IATA 20-year forecast predicts passenger numbers will almost double by 2036

IATA forecasts 7.8 billion passengers to travel in 2036, a near doubling of the 4 billion air travelers expected to fly this year.

“All indicators lead to growing demand for global connectivity,” says Alexandre de Juniac, IATA’s Director General and CEO. “The world needs to prepare for a doubling of passengers in the next 20 years.

"It is fantastic news for innovation and prosperity, which is driven by air links. It is also a huge challenge for governments and industry to ensure we can successfully meet this essential demand.”

According to the latest IATA 20-year Passenger Forecast, Asia-Pacific will see the biggest growth, hosting more than half the new passengers over the next two decades.

China will displace the United States as the world’s largest single aviation market

Some 3.5 billion travelers will take to the sky in the region in 2036, an extra 2.1 billion passengers compared with today.

China will displace the United States as the world’s largest single aviation market (traffic to, from and within) in about 2022, and will continue to grow.

The five fastest-growing markets in terms of annual additional passengers in 2036 compared with 2016 will be:

  • China (921 million new passengers for a total of 1.5 billion)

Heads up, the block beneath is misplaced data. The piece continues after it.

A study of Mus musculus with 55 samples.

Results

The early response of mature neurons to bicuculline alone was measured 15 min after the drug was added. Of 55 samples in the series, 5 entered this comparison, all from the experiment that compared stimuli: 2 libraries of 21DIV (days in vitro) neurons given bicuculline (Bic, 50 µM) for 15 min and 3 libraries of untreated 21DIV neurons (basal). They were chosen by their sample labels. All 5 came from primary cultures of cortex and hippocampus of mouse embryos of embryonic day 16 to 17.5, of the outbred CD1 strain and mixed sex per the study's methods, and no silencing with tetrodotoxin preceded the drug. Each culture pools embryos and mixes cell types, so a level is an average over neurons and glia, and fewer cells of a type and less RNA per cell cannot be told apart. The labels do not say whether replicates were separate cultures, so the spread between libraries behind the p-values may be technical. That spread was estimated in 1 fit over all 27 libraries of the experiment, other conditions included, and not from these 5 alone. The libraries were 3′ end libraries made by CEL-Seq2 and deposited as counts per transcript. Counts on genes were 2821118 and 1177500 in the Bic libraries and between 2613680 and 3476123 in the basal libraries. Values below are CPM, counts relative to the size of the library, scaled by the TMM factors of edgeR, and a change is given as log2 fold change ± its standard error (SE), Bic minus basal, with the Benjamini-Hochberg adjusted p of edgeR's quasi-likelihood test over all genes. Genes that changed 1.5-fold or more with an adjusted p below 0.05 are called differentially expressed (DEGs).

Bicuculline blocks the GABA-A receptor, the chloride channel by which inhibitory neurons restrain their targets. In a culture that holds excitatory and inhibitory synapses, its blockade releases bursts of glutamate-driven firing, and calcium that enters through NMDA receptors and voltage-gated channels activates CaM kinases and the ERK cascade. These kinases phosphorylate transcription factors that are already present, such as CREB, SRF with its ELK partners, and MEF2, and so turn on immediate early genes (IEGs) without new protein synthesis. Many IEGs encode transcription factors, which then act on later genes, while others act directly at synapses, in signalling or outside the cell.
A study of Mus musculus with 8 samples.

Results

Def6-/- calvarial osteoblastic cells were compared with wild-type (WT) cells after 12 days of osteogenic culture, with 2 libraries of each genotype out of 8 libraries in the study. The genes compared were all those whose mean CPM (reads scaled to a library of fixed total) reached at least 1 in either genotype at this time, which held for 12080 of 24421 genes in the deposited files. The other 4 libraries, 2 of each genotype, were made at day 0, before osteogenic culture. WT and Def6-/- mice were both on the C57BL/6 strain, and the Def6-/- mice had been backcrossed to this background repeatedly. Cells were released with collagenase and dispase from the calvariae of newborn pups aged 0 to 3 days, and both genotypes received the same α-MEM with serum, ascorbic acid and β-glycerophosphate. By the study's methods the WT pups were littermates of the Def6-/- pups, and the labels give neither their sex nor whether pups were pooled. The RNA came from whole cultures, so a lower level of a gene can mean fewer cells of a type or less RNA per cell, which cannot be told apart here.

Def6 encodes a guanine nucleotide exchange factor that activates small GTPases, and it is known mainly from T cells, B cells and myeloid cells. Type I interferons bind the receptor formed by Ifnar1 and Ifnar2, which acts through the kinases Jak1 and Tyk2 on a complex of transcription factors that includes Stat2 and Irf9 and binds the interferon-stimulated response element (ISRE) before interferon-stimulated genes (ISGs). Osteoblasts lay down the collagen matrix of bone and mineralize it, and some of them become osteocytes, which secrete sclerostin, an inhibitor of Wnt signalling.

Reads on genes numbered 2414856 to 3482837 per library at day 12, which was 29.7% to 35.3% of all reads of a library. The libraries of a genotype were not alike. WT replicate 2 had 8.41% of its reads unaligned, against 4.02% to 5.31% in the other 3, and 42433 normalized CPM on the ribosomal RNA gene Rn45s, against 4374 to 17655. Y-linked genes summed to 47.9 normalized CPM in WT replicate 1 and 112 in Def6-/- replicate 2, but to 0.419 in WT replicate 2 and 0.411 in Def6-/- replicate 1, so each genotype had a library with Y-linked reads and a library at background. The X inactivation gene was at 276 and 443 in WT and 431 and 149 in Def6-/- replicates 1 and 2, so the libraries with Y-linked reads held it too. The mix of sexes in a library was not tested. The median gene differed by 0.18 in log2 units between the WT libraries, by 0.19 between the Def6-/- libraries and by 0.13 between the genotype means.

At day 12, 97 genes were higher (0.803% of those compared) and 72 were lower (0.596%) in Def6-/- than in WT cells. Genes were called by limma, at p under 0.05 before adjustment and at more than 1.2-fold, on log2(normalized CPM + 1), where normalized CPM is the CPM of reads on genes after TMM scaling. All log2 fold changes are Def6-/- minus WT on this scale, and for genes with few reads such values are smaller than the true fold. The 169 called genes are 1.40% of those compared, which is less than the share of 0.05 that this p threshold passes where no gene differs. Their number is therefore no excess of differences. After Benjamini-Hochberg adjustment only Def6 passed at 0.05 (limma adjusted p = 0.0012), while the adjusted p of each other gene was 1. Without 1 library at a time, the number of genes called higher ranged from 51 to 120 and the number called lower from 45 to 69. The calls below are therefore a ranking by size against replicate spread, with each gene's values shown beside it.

• United States (401 million new passengers for a total of 1.1 billion)

  • India (337 million new passengers for a total of 478 million)

  • Indonesia (235 million new passengers for a total of 355 million)

  • Turkey (119 million new passengers for a total of 196 million)

Many of the fastest-growing markets will be in Africa. A compound growth rate of more than 7.2% per year means a doubling in the size of the aviation market each decade in countries such as Ethiopia, Ivory Coast, Mozambique, Senegal, Uganda, and Zambia.

Greater liberalization could lead to a tripling in passenger numbers over the next 20 yearsA number of factors will influence the accuracy of the forecast. Current levels of trade liberalization and visa facilitation must be maintained, for example.

If trade protectionism and travel restrictions are put in place, it could mean 1.1 billion fewer journeys annually in 2036. Conversely, greater liberalization could lead to a tripling in passenger numbers over the next 20 years.

Increasing demand will also bring a significant infrastructure challenge.

“The solution does not lie in more complex processes or building bigger and bigger airports but in harnessing the power of new technology to move activity off-airport, streamline processes, and improve efficiency,” says de Juniac.